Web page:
Cloud Computing and Sales Tax: Who Knows
The sales taxation of digital products and electronic commerce has become increasingly more important. As you may know, states are hurting for revenue, and since our economy has moved more and more towards electronic commerce, the states must figure out a way to tax it, or else lose out on much needed revenue.
According to Wikipedia,"Cloud computing" describes a new supplement, consumption and delivery model for IT services based on the Internet, and it typically involves the provision of dynamically scalable and often virtualized resources as a service over the Internet. The term cloud is used as a metaphor for the Internet, based on the cloud drawing used to depict the Internet in computer network diagrams as an abstraction of the underlying infrastructure it represents.
Typical cloud computing providers deliver common business applications online which are accessed from a web browser, while the software and data are stored on servers.
These applications are broadly divided into the following categories that emphasize the concept of "Everything-as-a-Service": Software as a Service (SaaS), Utility Computing, Web Services, Platform as a Service (PaaS), Managed Service Providers (MSP), Service Commerce, and Internet Integration.
How are the states going to tax it?
The problem with cloud computing is where is it located? What state has the right to tax it? Some states may tax it where it is used. Some states may tax it based on the location of the servers. Some states may tax it where the office of the cloud computing provider resides. This is only the beginning of the state of confusion regarding the state taxation of cloud computing and other electronic commerce.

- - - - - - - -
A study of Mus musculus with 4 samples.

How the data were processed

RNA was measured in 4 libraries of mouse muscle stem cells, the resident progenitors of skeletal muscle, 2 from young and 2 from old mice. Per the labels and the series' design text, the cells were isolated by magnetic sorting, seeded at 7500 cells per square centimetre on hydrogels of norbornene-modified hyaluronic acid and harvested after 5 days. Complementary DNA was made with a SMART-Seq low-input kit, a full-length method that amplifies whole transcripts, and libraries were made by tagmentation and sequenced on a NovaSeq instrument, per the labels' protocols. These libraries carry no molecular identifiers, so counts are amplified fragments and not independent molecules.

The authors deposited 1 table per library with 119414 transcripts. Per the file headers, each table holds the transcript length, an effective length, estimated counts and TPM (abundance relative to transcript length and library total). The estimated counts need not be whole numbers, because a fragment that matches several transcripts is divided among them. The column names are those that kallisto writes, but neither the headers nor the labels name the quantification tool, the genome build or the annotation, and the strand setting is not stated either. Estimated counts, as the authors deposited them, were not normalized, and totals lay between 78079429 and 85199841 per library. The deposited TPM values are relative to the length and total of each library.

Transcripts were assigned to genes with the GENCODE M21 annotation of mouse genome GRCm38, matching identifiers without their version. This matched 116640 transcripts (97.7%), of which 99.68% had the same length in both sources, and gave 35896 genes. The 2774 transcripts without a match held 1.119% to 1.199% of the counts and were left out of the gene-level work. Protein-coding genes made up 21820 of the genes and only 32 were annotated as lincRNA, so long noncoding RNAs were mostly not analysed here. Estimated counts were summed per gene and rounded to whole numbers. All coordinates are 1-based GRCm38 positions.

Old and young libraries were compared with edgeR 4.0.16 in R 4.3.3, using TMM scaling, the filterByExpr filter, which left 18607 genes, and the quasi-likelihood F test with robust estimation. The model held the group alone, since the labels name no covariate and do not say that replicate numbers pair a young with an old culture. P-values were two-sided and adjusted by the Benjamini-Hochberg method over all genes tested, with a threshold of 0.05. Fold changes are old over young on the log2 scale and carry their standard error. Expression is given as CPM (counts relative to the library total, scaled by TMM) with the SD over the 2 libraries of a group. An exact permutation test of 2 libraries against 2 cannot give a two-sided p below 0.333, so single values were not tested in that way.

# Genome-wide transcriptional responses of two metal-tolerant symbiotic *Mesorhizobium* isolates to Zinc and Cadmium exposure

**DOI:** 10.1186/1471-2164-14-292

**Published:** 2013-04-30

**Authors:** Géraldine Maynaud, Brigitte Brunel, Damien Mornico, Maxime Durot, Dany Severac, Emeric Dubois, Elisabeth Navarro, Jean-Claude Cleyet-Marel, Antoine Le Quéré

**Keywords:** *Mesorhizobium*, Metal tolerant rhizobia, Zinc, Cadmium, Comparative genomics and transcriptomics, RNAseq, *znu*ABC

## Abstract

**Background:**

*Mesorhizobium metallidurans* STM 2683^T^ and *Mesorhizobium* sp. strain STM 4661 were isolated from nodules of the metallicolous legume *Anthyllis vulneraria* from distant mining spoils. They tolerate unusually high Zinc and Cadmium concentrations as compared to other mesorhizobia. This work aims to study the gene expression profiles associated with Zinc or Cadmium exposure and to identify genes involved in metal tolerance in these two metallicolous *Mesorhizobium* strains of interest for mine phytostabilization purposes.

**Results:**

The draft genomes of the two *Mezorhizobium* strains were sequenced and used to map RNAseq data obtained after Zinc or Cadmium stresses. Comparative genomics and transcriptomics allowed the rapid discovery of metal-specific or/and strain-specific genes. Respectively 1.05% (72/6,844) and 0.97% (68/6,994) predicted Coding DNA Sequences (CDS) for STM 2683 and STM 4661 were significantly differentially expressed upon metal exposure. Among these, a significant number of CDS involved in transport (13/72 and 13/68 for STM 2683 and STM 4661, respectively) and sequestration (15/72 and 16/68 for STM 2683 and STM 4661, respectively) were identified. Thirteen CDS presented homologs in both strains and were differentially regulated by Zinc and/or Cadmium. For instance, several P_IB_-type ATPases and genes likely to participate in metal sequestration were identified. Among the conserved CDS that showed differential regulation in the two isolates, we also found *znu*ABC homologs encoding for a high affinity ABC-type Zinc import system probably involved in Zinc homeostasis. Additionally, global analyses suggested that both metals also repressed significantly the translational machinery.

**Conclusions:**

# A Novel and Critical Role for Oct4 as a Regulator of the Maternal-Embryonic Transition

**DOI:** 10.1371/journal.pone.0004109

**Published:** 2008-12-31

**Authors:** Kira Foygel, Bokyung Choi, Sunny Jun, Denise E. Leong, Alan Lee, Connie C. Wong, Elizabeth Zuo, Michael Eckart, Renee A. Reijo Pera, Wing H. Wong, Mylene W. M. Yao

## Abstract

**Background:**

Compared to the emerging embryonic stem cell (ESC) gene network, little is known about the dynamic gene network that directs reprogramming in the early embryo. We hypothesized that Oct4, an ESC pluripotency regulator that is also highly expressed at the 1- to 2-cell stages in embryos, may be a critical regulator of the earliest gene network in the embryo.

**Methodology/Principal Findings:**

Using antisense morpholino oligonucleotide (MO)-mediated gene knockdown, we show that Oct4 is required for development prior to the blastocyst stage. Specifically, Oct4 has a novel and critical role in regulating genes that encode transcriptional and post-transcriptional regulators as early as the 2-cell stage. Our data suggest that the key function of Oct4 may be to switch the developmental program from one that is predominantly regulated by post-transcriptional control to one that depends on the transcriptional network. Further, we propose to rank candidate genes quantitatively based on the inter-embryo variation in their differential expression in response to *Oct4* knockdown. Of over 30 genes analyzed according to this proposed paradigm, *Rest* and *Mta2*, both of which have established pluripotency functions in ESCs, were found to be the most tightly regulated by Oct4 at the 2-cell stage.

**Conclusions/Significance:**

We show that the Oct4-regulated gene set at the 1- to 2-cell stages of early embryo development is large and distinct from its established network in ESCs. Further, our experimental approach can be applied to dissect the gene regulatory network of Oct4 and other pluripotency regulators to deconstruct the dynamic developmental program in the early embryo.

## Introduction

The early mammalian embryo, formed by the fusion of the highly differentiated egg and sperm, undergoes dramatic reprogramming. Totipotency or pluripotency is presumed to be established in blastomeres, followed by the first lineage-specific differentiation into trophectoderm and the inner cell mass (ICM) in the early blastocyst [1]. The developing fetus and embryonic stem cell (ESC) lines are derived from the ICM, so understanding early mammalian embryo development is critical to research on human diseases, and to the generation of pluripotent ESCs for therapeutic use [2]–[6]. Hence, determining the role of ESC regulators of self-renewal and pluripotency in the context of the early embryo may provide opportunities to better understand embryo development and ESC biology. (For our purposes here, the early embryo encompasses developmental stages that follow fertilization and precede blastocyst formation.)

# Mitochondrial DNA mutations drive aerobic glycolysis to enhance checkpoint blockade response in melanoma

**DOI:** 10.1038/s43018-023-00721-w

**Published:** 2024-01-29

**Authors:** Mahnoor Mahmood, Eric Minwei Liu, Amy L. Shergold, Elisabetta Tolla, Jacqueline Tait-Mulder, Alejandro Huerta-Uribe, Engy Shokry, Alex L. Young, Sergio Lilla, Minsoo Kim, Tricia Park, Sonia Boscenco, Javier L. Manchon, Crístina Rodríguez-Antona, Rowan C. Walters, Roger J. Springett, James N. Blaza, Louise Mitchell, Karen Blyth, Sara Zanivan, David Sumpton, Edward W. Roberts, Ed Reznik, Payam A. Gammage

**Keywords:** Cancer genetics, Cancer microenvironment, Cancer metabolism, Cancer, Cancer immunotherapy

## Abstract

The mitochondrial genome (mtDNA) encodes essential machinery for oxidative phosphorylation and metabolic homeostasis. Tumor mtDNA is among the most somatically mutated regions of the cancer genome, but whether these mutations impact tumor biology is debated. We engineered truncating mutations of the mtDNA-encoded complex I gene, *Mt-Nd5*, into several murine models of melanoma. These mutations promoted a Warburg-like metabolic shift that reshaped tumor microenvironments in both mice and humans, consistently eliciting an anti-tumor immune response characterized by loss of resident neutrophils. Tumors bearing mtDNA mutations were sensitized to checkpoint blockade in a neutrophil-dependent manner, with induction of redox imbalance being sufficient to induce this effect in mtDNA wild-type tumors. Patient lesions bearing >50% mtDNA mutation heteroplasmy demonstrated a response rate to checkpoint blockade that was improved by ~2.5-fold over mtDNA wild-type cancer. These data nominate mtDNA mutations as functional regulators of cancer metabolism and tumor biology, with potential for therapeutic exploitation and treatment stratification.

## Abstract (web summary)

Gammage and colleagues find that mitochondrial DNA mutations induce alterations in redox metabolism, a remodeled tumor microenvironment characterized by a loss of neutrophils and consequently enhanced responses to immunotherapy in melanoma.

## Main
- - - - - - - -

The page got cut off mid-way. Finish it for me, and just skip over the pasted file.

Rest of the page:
States like Washington, North Carolina, and Wisconsin have updated their laws recently to broaden their sales tax to tax more digital products. New York is really reaching to expand the sales tax to services delivered over the Internet, not just tangible personal property delivered electronically.
If you or your client is involved in cloud computing or selling just about anything over the Internet, chances are, some state wants to tax that sale.
Brian Strahle is the owner of LEVERAGE SALT, LLC where he provides state and local tax technical services to accounting firms, law firms and tax research organizations across the United States. He also writes a weekly column in Tax Analysts State Tax Notes entitled, "The SALT Effect." For more info, visit his website: www.leveragestateandlocaltax.com
You can reach Brian at firstname.lastname@example.org.
Because state and local taxes are deceptively simple and endlessly complicated.